Logical Fallacy of the Day: cum hoc ergo propter hoc

Apr 14, 2006

One of the most oft encountered logical fallacies, particularly when quoting the outcome of studies or statistics, is that of confusing correlation of variables with causation; cum hoc ergo propter hoc (latin, with this, therefore, because of this). This fallacy is the root of irrational beliefs, fears and biases in otherwise intelligent and informed people.

This came to light earlier this week in a forum where some people who would generally not be considered bigoted where having a “truthful” discussion about whay they thought of black people. Statistics, such as the rate of black men being incarcerated vs. that for white men, were quoted and the crowd all pointed saying, “See, they’re more likely to go to jail; the stastics don’t lie, they’re just bad people.” This was from a bunch of people who don’t want to be racist, but they found it troubling to agree with the statistics, which are true, agree with their own experiences (bad neighborhoods == black neighborhoods) and yet not see blacks as being inherently predisposed to crime.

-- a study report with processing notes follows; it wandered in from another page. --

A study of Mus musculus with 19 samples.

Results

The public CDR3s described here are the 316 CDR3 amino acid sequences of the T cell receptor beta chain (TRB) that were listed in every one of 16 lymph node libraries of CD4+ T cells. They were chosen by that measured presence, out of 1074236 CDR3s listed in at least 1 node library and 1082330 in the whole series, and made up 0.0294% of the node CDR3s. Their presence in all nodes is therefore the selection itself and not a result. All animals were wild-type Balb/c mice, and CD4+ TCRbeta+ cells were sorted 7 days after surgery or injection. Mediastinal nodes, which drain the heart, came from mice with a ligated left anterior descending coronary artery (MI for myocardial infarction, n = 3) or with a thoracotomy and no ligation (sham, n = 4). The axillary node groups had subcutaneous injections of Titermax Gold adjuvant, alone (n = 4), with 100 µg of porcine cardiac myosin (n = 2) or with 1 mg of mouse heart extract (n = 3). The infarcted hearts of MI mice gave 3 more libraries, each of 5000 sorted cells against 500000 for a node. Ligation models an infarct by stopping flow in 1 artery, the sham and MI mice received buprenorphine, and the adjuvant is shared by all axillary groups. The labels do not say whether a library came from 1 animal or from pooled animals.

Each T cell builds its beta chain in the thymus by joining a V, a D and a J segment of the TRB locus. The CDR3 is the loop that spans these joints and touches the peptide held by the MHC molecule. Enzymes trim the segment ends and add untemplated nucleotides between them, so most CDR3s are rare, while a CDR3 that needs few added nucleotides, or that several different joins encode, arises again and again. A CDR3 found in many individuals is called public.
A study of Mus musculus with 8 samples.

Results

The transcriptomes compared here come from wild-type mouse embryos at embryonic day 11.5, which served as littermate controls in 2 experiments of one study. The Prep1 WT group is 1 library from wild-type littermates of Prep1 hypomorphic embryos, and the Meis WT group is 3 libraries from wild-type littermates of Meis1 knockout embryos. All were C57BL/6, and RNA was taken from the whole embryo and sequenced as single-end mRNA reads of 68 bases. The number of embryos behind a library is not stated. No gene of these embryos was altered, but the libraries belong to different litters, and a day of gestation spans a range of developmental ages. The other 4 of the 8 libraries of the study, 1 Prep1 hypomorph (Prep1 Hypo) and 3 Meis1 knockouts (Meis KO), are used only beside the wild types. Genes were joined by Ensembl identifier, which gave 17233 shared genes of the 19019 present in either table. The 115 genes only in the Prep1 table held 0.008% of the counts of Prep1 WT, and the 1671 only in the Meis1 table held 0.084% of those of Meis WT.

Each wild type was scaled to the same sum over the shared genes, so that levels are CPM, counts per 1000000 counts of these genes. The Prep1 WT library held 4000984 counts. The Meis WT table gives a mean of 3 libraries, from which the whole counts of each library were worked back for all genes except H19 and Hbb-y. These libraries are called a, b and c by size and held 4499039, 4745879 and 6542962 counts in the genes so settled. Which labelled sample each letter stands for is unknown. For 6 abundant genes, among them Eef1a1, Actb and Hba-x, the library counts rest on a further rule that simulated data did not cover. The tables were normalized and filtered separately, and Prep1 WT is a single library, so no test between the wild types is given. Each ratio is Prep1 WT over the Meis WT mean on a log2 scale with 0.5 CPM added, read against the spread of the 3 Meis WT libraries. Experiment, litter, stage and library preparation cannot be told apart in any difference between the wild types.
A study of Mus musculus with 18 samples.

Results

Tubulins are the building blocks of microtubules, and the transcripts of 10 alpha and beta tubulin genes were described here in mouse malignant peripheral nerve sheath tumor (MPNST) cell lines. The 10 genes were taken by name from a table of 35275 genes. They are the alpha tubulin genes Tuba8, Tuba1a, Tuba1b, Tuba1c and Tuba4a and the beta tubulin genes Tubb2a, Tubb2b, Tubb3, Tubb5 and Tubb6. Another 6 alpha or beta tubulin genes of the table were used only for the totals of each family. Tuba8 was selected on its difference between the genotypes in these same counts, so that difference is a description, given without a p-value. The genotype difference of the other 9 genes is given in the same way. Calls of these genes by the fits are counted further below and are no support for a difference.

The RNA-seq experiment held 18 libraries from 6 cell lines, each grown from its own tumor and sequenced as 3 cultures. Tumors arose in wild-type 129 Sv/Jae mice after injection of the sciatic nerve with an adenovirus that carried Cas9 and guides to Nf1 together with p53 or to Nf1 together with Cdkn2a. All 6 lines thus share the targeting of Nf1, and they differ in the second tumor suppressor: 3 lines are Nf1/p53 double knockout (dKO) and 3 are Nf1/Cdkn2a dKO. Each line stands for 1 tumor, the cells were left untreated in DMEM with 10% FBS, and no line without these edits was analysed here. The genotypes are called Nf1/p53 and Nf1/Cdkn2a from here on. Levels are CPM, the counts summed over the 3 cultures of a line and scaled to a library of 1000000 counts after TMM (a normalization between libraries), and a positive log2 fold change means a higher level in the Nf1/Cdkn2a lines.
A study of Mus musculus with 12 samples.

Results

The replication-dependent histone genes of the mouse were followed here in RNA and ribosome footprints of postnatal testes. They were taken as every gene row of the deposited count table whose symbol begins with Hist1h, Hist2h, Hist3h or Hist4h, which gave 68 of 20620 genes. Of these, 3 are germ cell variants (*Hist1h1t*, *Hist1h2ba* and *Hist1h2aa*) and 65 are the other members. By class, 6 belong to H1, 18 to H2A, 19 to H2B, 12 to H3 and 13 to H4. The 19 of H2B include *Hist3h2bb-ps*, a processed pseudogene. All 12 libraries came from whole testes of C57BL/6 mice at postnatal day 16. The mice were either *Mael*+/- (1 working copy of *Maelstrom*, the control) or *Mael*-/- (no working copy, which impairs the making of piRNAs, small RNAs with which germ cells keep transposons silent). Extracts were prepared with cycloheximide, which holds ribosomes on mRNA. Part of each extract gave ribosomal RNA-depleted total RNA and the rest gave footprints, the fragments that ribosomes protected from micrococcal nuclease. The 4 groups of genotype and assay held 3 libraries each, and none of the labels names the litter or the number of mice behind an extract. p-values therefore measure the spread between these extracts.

The root of their misunderstanding lies in the logical fallacy of assuming that correlation proves causation. The most important thing to realize when reading studies or statistics is that the correlation of two variables does not mean that they are anything but related. I recently read of a study done by the US Army which found that the best predictor of whether or not someone would ever be involved in a motorcycle accident was the number of tattoos they had. Does that mean that tatoos cause motorcycle accidents or cause poeple to be stupid? No. All it means is that people with lots of tattoos tend to have motorcycles and ride them more than those without. Perhaps the root cause is that they’re more inclined to take risk, but quite obviously, tattoos don’t cause motorcycle riders to crash.

To get a better understanding of how to interpret studies, I highly recommend reading Freakonomics by Steven Levitt. His book examines a number of different situations and a huge amount of data using techniques like regression analysis to find the root causes in otherwise random data. For the race problem, it basically boils down to the fact that criminal tendencies are not well correlated with race but rather with low education and low income. Drawing on that, it’s quite easy to understand how blacks are still associated with being criminals and easy to see just how long it is going to take for the remanants of a racist society to be removed from our civilization.